Mum's the Word Enormous happy-go-lucky Slinkys, giant green garbage bags, and creatures with Silly Putty heads and toilet paper faces have invaded the Bay Area. Yes, Mummenschanz is in town. The 21-year-old Swiss mime trio (Floriana Frassetto, Bernie SchYrch, and Roger Zanetti) has a new show, Parade. They slide, slither, and slouch across the stage at 2 and 8 p.m. (3 p.m. Sunday) at Zellerbach Hall, Bancroft & Telegraph, UC Berkeley campus. Tickets are $12-24; call 776-1999.
Blood Money "Rhythms of Justice" pays tribute to the late Ken Saro-Wiwa, the Amnesty Award-winning Nigerian activist executed (along with eight others) by that country's military dictatorship last November. (Though framed on murder charges, Saro-Wiwa's real crime was his struggle against the Nigerian government and Shell Oil's trashing of land and people.) Music (by Prince Ayo), speeches, and a film about Saro-Wiwa are part of the event; a benefit for Nigerian Youths and Partners, it lasts from 3 to 7 p.m. at Kimball's Carnival, 5800 Shellmound, Emeryville. Tickets are $10-15; call (510) 653-5300.
The Odd Couple He's a young, rebellious Marxist who loves beer, women, and Che Guevara. She's a 72-year-old woman with lots of attitude, who talks directly to statues of the saints. They're roommates, and they're the main characters in Basement Refugees, a bilingual (English and Spanish) comedy written and directed by Rodrigo Duarte Clark. Presented by El Teatro de la Esperanza, the show starts at 8 p.m. (continuing Thursdays-Sundays through March 17) at Intersection for the Arts, 446 Valencia, S.F. Tickets are $6-8; call 255-2320.
Flower Power With a new LP due soon, Tiny Tim is launching another comeback. The question is: Did anyone want him to return? The whiny, greasy-haired troubadour's favorite flower -- the tulip -- also reappears this spring, a much more welcome event. "Tulipmania" features more than 35,000 of the colorful blooms. Flower fans can ogle and smell them at a 10 a.m. tour (through March 10) at Pier 39, Beach & Embarcadero, S.F. Free; call 705-5500.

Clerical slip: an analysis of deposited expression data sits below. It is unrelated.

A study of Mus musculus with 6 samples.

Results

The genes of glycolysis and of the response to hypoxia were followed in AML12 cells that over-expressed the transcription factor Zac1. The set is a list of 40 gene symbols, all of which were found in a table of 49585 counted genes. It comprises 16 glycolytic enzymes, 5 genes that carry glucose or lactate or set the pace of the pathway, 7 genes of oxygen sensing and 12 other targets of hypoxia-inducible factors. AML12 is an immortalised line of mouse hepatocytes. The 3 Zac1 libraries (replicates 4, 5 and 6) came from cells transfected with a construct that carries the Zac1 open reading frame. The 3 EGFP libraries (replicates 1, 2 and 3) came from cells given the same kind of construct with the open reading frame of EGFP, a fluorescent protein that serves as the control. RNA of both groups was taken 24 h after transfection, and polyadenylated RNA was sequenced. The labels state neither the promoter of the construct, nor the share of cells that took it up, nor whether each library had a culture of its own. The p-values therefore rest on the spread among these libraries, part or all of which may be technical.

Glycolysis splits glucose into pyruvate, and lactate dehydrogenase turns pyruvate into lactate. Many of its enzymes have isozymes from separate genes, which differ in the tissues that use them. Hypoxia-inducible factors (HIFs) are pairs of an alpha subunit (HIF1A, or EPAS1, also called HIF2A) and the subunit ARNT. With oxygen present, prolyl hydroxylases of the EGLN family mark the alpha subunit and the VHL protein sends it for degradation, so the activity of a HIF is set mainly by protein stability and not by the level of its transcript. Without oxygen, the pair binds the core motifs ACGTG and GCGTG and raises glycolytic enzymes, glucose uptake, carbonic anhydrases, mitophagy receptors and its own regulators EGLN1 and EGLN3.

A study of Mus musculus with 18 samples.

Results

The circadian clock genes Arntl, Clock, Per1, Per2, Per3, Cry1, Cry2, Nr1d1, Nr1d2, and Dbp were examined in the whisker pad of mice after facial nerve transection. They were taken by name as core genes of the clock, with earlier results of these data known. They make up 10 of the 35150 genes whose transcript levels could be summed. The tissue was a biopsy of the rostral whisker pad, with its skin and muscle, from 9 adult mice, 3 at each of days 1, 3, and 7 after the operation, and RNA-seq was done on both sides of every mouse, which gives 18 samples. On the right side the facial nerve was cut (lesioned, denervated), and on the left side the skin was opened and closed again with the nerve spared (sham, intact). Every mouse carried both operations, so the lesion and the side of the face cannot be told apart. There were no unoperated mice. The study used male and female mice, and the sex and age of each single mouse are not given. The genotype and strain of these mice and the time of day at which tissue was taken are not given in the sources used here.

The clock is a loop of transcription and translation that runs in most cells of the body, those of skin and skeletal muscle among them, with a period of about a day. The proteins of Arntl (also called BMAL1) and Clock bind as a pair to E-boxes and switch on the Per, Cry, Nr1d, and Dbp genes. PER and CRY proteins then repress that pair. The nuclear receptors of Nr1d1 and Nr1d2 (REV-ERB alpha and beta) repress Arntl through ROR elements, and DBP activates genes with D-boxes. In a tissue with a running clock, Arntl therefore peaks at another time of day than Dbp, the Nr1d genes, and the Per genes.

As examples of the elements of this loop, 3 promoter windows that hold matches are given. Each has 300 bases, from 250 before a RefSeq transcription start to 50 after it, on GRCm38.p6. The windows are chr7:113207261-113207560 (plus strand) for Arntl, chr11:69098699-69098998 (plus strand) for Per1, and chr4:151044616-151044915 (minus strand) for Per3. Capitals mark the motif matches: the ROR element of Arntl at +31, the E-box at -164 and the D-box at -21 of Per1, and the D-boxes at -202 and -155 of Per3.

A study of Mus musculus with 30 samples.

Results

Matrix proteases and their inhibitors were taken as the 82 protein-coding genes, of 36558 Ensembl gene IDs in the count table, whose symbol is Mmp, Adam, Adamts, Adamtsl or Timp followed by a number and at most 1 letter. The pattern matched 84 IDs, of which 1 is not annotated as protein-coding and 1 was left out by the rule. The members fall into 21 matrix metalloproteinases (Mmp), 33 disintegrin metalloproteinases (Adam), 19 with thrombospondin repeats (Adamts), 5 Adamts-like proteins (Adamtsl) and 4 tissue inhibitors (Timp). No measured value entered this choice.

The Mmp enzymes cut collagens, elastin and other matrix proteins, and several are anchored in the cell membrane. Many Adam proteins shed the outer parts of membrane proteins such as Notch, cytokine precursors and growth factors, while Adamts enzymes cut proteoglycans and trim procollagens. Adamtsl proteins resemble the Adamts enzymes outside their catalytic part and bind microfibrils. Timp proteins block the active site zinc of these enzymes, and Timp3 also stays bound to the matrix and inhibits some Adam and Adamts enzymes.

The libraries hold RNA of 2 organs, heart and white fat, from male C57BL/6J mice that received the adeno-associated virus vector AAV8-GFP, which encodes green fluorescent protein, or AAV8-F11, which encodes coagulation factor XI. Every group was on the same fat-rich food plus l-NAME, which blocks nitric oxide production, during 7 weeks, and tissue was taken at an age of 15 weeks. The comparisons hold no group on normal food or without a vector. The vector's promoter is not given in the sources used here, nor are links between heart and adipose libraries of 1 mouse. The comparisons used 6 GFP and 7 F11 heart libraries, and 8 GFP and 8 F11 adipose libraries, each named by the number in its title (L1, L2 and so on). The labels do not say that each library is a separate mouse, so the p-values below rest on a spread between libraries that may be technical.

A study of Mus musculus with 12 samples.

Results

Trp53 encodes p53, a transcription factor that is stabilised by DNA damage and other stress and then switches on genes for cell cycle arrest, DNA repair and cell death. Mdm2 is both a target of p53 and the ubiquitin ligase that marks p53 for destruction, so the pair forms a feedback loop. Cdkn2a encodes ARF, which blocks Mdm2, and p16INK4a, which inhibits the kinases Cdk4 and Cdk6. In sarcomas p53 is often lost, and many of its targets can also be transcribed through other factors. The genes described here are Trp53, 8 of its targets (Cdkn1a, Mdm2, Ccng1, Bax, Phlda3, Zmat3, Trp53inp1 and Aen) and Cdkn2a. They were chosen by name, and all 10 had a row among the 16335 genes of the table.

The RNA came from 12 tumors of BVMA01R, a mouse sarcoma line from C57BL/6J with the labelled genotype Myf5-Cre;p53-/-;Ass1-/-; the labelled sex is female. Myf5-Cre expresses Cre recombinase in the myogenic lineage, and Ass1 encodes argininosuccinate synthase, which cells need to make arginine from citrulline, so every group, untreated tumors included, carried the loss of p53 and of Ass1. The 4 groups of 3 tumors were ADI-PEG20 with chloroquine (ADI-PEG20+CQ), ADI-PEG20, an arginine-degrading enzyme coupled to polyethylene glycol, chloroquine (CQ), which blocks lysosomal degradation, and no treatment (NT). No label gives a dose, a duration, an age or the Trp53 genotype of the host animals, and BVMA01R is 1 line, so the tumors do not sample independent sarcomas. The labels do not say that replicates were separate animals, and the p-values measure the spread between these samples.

Literary Soundtracks Music by Schumann meets text by Shelley, and music by Liszt is paired with poetry by Allen Ginsberg in "piano and speech," a performance by pianist Eliane Lust and speakers Michael Sternberg, Steve Silberman, Laurie Amat, and Charles Shere. The show -- also featuring works by John Cage and Laurie Anderson and the S.F. premiere of Frederic Rzew-ski's composition for Oscar Wilde's De Profundis -- begins at 4 p.m. at Old First Church, Van Ness & Sacramento, S.F. Tickets are $7-9; call 474-1608.
Goldfish Girl The tale of a 7-year-old girl's quest for the aforementioned critter, Jafar Panahi's The White Balloon was a big winner at last year's Cannes Film Festival. In New York, it's doing boffo box office and generating funny arguments (a recent letter to the Village Voice complains about the paper's psychosexual reading of the snakes in the film). The local premiere at 2 p.m. highlights an Iranian New Year celebration at the Asian Art Museum, Golden Gate Park, S.F. Admission is $3-6; call 379-8801.
Spawn of Satan If you think you have neighbors from hell, compare yourself to poor Mia Farrow in Rosemary's Baby: Not only does she have to put up with cranky Ruth Gordon knocking on her door all day and night, she's got the son of Satan in her stomach, and he has a bizarre craving for raw meat! The 1968 flesh-crawler is part of a Roman Polanski double-bill about demonic apartment dwellers; it screens at 2 and 7 p.m.; The Tenant (with Shelley Winters as a next-door nag) screens at 4:35 and 9:35 p.m. at UC Theatre, University & Shattuck, Berkeley. Tickets are $4-6.50; call (510) 843-6267.
Pasolini Requiem Like Rimbaud, Pier Paolo Pasolini is a poet whose life inspires speculation and myth-making: The new film Who Killed Pasolini? is just the latest in a long string of artworks about the murdered creator. Carlo Mega presents an audiovisual performance of Pasolini's writing and Lawrence Ferlinghetti reads from his translation of Pasolini's Roman Poems at 6:30 p.m. at Instituto Italiano di Cultura, 425 Bush, Suite 301, S.F. Free; call 788-7142.
Slanted and Enchanted A German expressionist and horror classic, 1919's The Cabinet of Dr. Caligari is also the first cult film: It played in one Paris theater for seven consecutive years, a box-office record that lasted until 1974 and the coming of Emanuelle. The movie's plot -- about an evil figure who hypnotizes people to carry out his plans -- eerily prefigures the rise of Hitler, but the claustrophobic, zigzagging visuals are hardest to forget. Film historian Russell Merritt introduces Caligari and Randy Craig accompanies the film on piano at 6:30 p.m. at Goethe-Institut, 530 Bush, S.F. Free; call 391-0370.